Meet Aliya Roza Davids, a young South African veterinarian working in England.

When did you decide to become a veterinarian, and why?

I didn’t really have a large amount of exposure to the medical / veterinary industry growing up, but was always surrounded by animals and taught to love and value their companionship.

The honest answer is, I knew I wanted to pursue something in a biological/ scientific field. In my 11th Grade, I flipped through a university course catalogue and was intrigued by the veterinary faculty. I was drawn to it because it seemed particularly diverse – with many subfields.

Which school subjects did you require in order to study veterinary sciences?

The most important and essential are physics, mathematics, and English; and biology is recommended. My other high school subjects included an advanced programme in English literature, dramatic studies and a second additional language.

Where did you study and how long did the course take? Tell us a bit about that experience while studying.

I studied in South Africa. Currently there is only one faculty (Onderstepoort) at the University of Pretoria. It is world class institution and is internationally accredited. It’s a six-year course, and for me included a 7th year of working for the state in a new graduate programme.

The faculty is on its own campus in the north of Pretoria. It’s a large farm-type campus with beautiful scenery, and a teaching animal unit and hospital. My favourite part of being a student there was having a university experience while living on campus and thus being able to engage in social events and make some very important friendships along the way. I liked learning so many different subjects and having the opportunity to do practical training, and also enjoyed getting to know the staff members and campus workers.

The not good part was that the veterinary industry is not as diverse as one would think. Being a student my experience was that the space wasn’t demographically representative of the country at large. As a young BIPOC (Black/Brown Indigenous Person of Colour) it was very evident to me that the industry is still very white, male and patriarchal. The history of veterinary sciences in South Africa, pre-apartheid is very interesting but of course very niche, and the space was at one point only accessible to a certain demographic. Although transformation is happening, it is happening too slowly in my opinion. South Africa has the most unequal distribution of veterinary services countrywide.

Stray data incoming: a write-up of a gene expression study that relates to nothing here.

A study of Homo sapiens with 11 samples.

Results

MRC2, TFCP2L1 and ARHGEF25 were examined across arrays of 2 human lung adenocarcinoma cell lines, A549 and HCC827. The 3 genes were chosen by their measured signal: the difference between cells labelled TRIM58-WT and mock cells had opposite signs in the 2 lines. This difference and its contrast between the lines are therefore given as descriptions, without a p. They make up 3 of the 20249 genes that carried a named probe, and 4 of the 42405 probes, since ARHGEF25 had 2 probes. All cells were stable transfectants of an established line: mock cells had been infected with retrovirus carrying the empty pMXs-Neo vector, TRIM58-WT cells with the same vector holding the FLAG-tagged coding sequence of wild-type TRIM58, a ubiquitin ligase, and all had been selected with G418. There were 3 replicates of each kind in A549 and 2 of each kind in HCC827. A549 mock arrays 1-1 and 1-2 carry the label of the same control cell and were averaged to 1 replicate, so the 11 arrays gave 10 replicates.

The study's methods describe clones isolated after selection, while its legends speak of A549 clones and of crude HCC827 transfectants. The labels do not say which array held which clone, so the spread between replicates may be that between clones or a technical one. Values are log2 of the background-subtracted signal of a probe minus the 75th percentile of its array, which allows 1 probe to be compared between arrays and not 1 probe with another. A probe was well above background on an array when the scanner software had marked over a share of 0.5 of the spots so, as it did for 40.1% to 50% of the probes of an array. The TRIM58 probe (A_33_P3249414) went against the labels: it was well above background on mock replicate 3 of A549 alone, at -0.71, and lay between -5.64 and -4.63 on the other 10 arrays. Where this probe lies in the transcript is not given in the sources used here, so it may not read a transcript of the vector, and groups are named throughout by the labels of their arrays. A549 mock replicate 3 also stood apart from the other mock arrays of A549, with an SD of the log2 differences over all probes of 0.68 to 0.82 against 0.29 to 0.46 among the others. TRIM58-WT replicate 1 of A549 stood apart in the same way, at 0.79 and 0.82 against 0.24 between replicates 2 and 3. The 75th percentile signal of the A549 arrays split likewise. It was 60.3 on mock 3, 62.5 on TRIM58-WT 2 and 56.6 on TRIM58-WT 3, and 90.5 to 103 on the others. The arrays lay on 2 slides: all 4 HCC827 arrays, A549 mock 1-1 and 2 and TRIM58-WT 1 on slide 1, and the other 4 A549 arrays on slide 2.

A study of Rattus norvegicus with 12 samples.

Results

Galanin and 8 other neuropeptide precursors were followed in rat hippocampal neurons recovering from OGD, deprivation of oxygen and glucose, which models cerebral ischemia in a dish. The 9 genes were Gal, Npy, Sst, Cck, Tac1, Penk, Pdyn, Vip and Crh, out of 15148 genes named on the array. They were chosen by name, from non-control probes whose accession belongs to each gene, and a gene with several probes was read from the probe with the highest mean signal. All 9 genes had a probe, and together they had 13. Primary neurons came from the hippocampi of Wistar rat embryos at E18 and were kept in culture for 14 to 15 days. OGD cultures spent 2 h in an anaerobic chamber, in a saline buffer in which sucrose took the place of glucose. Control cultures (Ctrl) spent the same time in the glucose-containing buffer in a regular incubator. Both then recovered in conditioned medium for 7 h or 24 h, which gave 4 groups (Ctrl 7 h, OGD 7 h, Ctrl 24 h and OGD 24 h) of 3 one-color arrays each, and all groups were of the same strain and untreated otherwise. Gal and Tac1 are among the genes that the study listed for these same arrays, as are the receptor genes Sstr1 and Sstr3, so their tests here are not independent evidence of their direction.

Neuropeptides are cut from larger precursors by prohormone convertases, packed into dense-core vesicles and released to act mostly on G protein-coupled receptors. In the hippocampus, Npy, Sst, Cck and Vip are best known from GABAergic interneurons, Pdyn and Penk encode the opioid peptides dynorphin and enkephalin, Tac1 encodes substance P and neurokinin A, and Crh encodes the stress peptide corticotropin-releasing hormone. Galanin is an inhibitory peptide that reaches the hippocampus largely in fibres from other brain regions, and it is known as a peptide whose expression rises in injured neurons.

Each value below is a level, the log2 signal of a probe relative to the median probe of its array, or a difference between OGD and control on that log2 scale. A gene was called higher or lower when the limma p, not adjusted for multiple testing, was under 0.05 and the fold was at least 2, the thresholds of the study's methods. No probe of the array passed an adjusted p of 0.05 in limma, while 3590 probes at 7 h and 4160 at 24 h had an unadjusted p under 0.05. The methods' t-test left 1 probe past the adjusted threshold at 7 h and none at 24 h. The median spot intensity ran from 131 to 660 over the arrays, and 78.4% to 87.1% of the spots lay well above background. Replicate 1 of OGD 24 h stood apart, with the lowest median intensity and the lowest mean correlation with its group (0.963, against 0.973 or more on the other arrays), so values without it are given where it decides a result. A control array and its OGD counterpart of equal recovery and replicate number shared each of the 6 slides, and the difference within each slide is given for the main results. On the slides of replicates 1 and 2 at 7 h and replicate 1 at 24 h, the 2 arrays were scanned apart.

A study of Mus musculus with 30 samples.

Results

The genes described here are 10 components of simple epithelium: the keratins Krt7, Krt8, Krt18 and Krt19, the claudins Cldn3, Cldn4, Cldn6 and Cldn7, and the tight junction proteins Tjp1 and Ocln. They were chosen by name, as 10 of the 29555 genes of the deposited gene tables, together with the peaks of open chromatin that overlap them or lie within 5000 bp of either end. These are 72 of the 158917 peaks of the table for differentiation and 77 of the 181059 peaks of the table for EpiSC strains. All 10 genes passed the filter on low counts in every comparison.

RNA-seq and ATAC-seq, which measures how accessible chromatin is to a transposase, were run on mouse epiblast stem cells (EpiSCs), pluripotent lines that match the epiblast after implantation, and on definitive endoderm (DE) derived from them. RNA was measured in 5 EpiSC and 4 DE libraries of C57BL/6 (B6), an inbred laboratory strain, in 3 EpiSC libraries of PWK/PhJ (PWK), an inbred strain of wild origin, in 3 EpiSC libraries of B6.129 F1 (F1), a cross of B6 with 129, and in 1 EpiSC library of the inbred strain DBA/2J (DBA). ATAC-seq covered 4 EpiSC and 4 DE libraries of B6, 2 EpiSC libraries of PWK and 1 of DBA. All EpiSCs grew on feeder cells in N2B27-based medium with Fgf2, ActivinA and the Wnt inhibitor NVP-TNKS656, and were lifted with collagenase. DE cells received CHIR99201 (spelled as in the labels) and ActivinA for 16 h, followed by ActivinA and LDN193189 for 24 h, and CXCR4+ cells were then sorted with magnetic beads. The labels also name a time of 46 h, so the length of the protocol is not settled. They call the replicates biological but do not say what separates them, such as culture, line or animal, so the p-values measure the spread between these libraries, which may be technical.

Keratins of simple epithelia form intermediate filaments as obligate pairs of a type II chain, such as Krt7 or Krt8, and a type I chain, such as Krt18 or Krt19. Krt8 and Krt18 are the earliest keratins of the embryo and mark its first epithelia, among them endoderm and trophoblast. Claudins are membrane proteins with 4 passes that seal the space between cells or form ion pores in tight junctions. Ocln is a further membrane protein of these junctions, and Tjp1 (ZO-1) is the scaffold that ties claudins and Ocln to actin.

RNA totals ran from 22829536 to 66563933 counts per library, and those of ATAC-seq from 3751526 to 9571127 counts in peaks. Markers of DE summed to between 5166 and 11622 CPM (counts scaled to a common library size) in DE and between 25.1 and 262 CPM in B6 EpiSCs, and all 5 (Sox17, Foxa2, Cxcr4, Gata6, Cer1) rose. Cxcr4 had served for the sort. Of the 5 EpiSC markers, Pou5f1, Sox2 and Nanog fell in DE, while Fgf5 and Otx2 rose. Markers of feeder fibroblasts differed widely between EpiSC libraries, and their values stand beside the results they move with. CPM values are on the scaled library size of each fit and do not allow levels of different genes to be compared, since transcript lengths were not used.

Now that you are qualified, what is the best and worst thing about being a veterinarian (vet)?

Making a difference in the lives of people and pets is at the core of what draws me to this work. Whether it be working in a welfare clinic setting or in private practice, it is rewarding to be able to effect change; learn about cutting edge medical science; and see patients recover.

Travel opportunities are plentiful, with this kind of work – it’s in demand everywhere and anywhere. That being said, the most important thing to me, is giving back to the community and being able to service places in this world that need my skills the most.

The reality of this type of work is that it is physically and mentally draining. It’s incredibly easy to burn out and experience compassion fatigue in this field. Balancing mental health and wellness is essential in this industry.

You are currently based in England. What is it like being a young, newly qualified vet there?

It’s exciting being this new in the field. This is the kind of work that is constantly expanding and evolving. It’s been a challenge to work away from home but equally liberating. It’s a huge stepping stone and has helped me grow.

I’ve always prided myself on the fact that my education at Onderstepoort equipped me for real-life veterinary situations and I gained a lot of practical experience there that I now use as a consulting general practitioner.

What do you enjoy most and least about living in England/ the part of England where you are based?

I’m quite far north-east in England which isn’t the same experience as being in a big city like London or Manchester. I enjoy the physical space that I’m in though; being close to the ocean – albeit the cold North Sea.

The accessibility and public transport is phenomenal. Being young and new in a space totally foreign to me is exciting and comes with a lot of spontaneity, newness and potential.

Surprisingly the weather is one of my favourite parts. It’s fresh and cool and where I am geographically, relatively mild and pleasant.

My least favourite parts of living here were: adjusting and acclimatising; not having a large friend group to begin with; and dealing with being in a new space in the middle of a global pandemic.

What advice do you have for young people aspiring to become vets?

Go for it! It’s hard work but very rewarding. Don’t be afraid to make your voice heard in the industry. I’d encourage anyone with an interest in the medical field, and interests in intersections between environmental, human and animal sciences to pursue this career.

My takeaway message – it’s not always a glamorous job, but the field is so vast. It includes sub-fields relating to aquatic health, production health, domestic animals, epidemiology and laboratory work; it’s endless.

For young students: you don’t have to know exactly which career path you want to follow at the age of 18. There are so many ways to acquire skills; and you can do more than one thing.

Tell us: Do you think veterinarians are essential workers in communities?